TAIPEI — The U.S. dollar rose against the New Taiwan dollar Friday, gaining NT$0.022 to close at NT$31.472 as traders reacted to the weakness of the Japanese yen by cutting their holdings in the local currency, dealers said.
Buying in the U.S. dollar also reflected a move by the People’s Bank of China (PBOC) to lower the Chinese yuan rate against the greenback, but that was somewhat offset by a technical rebound on Taiwan’s stock exchange that lent support to the New Taiwan dollar, they said.
The greenback opened at NT$31.450, and moved between NT$31.360 and NT$31.480 before the close. Turnover totaled US$813 million during the trading session.
The U.S. dollar opened flat and soon rose above its previous close against the New Taiwan dollar because of the continuing decline of the yen, which fell for the third straight session as the Bank of Japan sustained its easy money policy to boost the economy, dealers said.
The yen’s fall also came amid expectations that the U.S. dollar will keep moving higher as traders in the region anticipate that the U.S. Federal Reserve will start a rate hike cycle in mid-2015, they said.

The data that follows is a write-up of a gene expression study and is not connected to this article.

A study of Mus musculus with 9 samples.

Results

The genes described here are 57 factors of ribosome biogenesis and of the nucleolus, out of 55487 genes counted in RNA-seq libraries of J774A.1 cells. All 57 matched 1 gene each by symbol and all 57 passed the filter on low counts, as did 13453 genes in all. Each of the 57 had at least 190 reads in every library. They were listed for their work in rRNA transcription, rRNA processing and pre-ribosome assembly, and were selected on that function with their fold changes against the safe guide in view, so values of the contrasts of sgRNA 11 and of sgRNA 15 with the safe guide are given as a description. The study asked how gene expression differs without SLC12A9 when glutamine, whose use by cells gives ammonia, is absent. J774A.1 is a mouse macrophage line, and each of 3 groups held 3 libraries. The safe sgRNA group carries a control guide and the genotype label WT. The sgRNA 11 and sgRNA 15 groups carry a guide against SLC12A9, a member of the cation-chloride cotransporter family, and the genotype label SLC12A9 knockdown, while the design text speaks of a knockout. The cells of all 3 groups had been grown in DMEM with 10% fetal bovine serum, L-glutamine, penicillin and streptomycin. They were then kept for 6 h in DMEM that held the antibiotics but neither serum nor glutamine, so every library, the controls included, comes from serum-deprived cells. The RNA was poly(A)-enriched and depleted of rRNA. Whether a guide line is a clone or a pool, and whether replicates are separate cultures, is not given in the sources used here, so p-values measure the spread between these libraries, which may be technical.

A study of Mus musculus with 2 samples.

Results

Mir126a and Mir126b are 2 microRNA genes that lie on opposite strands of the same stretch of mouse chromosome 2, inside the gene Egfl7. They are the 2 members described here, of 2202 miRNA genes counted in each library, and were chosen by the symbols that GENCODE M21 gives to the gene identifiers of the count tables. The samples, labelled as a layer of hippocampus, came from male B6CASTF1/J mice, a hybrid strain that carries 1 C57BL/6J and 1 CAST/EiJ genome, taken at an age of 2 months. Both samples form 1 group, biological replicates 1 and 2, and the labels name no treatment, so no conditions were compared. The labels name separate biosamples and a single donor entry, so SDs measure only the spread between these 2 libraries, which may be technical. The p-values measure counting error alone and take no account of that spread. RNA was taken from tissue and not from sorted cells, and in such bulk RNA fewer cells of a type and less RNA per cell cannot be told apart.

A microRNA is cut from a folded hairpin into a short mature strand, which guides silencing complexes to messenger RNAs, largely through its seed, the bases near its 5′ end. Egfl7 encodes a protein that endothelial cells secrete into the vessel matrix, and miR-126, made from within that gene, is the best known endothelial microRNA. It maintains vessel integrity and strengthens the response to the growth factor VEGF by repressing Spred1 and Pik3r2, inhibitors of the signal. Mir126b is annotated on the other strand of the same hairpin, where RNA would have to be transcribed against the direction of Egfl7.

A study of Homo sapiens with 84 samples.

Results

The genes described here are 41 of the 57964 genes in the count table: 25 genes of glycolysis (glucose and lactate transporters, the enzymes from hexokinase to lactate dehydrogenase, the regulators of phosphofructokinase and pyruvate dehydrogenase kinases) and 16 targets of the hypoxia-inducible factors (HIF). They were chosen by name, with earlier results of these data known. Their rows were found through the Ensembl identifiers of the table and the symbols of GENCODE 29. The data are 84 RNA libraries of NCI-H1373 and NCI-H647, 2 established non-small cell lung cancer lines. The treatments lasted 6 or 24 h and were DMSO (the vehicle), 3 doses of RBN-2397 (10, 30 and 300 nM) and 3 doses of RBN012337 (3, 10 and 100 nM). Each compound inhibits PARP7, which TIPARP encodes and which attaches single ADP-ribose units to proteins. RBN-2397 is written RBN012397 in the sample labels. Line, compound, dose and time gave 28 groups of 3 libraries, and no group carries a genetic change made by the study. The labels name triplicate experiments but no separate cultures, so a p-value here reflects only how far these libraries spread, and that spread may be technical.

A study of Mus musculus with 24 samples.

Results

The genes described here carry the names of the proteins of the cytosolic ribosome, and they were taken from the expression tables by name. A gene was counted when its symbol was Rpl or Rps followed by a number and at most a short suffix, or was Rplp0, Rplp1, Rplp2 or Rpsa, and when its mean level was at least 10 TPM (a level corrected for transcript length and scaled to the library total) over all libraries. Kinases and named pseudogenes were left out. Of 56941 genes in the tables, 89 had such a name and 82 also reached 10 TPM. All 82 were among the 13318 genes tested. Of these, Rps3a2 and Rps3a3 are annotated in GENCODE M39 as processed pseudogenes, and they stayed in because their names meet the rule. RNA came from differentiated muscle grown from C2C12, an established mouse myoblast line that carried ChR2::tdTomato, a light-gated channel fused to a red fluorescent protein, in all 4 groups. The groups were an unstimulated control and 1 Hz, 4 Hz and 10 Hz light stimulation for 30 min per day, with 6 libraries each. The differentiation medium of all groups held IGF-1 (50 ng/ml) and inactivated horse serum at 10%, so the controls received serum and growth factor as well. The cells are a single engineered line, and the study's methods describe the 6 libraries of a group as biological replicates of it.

Dealers said that there have been fears that a falling yen will intensify currency depreciation competition in the region, which prompted traders here to lower their New Taiwan dollar holdings.
In addition to the weaker yen, traders here heeded the PBOC’s cut in the yuan by about 0.02 percent and sold more of the New Taiwan dollar from their portfolios, they said.
The New Taiwan dollar did get some support, however, from foreign institutional buying in Taiwan’s stock market, boosting demand for the local currency, dealers said.
According to the Taiwan Stock Exchange, foreign institutional investors bought a net NT$8.31 billion (US$264 million) in local shares on the main board to send the weighted index 1.36 percent higher at the close.